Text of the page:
A law enforcement source, speaking on a condition of anonymity, reported the illegal entry of more than 100 Venezuelan nationals south of Del Rio, Texas early Sunday morning. This brings the total apprehensions of Venezuelans in this sector during the past ten days to about 900.
The group consisted of mostly family units. Agents quickly apprehended the migrants and transported them to nearby stations for processing.
On Saturday, the source reported 69 Venezuelan nationals entered through the small West Texas town. Most will be summarily released into the community to travel to their destination in the United States. Within the group were a small number of single adults. Those will await transfer to ICE for placement in facilities or released under alternatives to detention.
Within the last week, Border Patrol Agents apprehended large groups of nearly a hundred or more on an almost daily basis. With the latest groups, the total stands at nearly 900 and shows no signs of slowing.
Del Rio, like other cities across the southern border, has seen its share of the increase in migrant traffic. A soft-sided facility was recently opened within the Del Rio Border Patrol Sector to deal with the influx. Del Rio has dealt with large groups of illegal migrants from outside the usual Central American countries normally encountered throughout other border areas.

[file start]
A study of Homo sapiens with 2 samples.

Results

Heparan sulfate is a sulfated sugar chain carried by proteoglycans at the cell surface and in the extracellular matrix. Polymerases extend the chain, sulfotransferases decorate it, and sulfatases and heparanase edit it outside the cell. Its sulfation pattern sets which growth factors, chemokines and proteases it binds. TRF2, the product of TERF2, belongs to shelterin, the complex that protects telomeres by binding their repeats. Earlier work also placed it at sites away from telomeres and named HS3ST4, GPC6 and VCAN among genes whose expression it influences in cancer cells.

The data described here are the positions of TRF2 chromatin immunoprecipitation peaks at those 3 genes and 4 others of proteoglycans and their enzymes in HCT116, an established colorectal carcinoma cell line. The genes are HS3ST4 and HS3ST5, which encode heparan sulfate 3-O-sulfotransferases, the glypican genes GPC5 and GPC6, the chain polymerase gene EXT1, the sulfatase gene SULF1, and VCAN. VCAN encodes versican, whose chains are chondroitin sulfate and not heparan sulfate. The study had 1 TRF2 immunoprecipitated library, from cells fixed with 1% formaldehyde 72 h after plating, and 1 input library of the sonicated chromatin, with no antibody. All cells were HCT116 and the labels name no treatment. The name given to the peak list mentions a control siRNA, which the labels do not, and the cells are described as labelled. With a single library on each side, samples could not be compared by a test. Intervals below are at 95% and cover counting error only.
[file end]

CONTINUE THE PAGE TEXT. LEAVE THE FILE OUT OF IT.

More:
Because of the relative safety of Ciudad Acuna, directly across from Del Rio, the area is a draw for large groups of Haitians, Cubans, and Central Africans. Cartel violence has slowed in recent years when compared to other cities in Mexico along the border.
Last month, the Biden Administration granted Temporary Protected Status for Venezuelan nationals for 18 months. The designation applies to those residing in the United States since March 8, 2021. The designation suspends any attempts at removal for the period. Generally, these deadlines are extended–sometimes for years on end. Some critics argue this is a pull factor, encouraging illegal immigration from designated countries.
This group will more than likely be released into the United States to pursue asylum claims even though they would not qualify for the TPS designation. The source reports many of the Venezuelans interviewed during the week directly attributed the suspension of deportations by the Biden Administration as the impetus for their entry into the United States.
Randy Clark is a 32-year veteran of the United States Border Patrol. Prior to his retirement, he served as the Division Chief for Law Enforcement Operations, directing operations for nine Border Patrol Stations within the Del Rio, Texas, Sector. Follow him on Twitter @RandyClarkBBTX.